Hundreds of pupils, teachers and community members in Dimbaza braved the cold weather on the weekend when Dimbaza Primary celebrated its 50th anniversary.
Dimbaza Primary is the oldest school in the Dimbaza area and was formed at the height of forced removals by the apartheid government, when people were removed from Middleburg and Burgersdorp and dumped at Dimbaza.
Addressing the crowd, Sadtu founding member and the union’s former provincial secretary, MPL Mxolisi Dimaza, congratulated the school community, saying few schools, especially in townships and villages, had reached this milestone.
Dimaza applauded the role played by former teachers, pupils and parents in improving the school’s infrastructure and organising the anniversary celebration.
Dimbaza encouraged other schools to also mimic such gestures.
“It is critical that as parents and former pupils we check how we can assist the schools that shaped our careers. Parents and alumni need to improve the level of engagement with school affairs,” he said.
Nontembiso Nyikana, the very first teacher to be appointed at the school, shared a story on how pupils had starved while walking to Mnqesha village from the Dimbaza school, which was more than 10km away.
She applauded the teachers and pupils who were dedicated to teaching and learning.
“Those times were difficult but we managed to stand the test of time and today we are celebrating the good fruits we planted in those trying times,” she said.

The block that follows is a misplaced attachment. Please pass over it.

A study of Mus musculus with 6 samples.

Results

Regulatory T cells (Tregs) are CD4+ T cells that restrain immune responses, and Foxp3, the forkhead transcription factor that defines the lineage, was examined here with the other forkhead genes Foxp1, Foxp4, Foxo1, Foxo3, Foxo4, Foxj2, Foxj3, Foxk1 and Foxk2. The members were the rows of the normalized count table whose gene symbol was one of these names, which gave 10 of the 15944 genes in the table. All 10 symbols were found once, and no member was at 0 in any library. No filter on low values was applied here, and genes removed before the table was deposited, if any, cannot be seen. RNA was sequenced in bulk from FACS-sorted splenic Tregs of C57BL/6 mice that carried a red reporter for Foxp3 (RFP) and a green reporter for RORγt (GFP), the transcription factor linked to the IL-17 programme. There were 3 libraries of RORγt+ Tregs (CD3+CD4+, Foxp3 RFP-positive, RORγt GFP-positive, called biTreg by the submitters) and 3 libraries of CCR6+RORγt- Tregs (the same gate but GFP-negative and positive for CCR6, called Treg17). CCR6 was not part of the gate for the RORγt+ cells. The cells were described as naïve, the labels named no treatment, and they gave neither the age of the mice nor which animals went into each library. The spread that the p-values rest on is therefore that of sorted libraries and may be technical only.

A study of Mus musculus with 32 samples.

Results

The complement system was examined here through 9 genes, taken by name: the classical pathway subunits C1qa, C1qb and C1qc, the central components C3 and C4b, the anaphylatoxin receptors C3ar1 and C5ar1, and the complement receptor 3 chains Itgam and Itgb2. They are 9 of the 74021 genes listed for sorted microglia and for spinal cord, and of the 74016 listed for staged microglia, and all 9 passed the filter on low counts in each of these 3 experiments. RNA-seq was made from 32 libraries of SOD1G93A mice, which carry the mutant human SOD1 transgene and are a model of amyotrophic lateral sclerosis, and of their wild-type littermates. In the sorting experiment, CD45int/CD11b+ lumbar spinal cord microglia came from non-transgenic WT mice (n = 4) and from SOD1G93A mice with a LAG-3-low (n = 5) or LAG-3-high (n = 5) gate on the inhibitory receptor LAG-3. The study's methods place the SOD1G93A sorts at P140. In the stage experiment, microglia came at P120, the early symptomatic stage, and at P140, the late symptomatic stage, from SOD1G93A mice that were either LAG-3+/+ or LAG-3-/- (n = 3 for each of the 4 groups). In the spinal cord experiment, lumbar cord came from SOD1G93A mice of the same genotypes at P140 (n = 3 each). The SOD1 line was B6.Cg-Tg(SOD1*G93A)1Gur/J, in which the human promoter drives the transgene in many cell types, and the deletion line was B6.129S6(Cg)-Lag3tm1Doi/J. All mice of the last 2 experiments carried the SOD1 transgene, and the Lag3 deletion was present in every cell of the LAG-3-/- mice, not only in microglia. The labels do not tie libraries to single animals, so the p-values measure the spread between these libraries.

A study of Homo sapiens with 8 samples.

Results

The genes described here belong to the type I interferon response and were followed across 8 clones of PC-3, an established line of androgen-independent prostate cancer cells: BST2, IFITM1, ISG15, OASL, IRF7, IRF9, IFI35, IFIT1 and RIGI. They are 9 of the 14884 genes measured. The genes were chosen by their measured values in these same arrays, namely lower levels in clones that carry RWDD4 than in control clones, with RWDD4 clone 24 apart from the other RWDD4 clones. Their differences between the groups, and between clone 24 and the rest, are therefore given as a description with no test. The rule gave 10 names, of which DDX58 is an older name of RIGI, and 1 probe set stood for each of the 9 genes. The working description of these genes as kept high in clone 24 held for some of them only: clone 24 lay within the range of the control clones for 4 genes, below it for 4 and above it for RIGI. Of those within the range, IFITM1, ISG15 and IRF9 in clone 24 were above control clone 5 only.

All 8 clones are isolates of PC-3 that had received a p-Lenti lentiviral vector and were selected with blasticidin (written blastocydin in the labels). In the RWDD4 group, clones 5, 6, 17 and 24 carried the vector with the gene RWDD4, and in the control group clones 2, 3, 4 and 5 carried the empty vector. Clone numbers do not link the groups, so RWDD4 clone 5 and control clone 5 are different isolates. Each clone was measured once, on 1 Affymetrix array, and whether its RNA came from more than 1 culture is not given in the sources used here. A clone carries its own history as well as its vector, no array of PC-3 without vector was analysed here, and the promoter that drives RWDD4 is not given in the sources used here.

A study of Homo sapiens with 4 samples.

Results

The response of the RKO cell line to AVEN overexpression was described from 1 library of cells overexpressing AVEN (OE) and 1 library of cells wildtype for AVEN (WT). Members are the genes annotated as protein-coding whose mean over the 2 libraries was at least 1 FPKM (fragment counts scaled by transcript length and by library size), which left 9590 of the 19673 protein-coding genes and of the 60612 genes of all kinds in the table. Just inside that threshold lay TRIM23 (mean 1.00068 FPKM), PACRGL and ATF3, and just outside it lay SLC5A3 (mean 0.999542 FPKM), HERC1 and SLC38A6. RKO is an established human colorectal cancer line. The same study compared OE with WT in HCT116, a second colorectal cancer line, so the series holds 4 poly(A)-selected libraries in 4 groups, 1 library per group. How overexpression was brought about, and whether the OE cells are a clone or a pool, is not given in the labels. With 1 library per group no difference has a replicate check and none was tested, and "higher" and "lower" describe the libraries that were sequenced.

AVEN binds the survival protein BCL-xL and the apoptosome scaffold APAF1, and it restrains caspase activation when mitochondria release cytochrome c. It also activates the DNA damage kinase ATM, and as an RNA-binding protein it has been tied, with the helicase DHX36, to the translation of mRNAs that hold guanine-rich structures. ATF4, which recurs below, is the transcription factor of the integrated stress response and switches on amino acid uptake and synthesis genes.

Zingisile Maloyi, one of the pupils who travelled to Dimbaza for the celebration, echoed Nyikana’s story, adding that the support from teachers and faith had kept them strong.
“When we were forcibly removed, the apartheid government thought they were putting us in the lion’s den but we managed to prosper.
“This is a great achievement. Former pupils and teachers, as well as current ones, should not take this for granted,” said Maloyi.
School principal Malusi Manyela gave heartfelt thanks and praise for the contributions made by the community and alumni.
Manyela said their involvement in school matters made him and the school stronger.
He said after the school had realised that the grant given by the department of education was “not enough”, the school, together with the community, had decided to raise funds to improve and beautify the premises.
The school still faces infrastructure challenges, including toilets which are unusable.
Dimaza urged the community to appeal to ANC chief whip Mzoleli Mrara, whose constituency includes Dimbaza, to assist the school.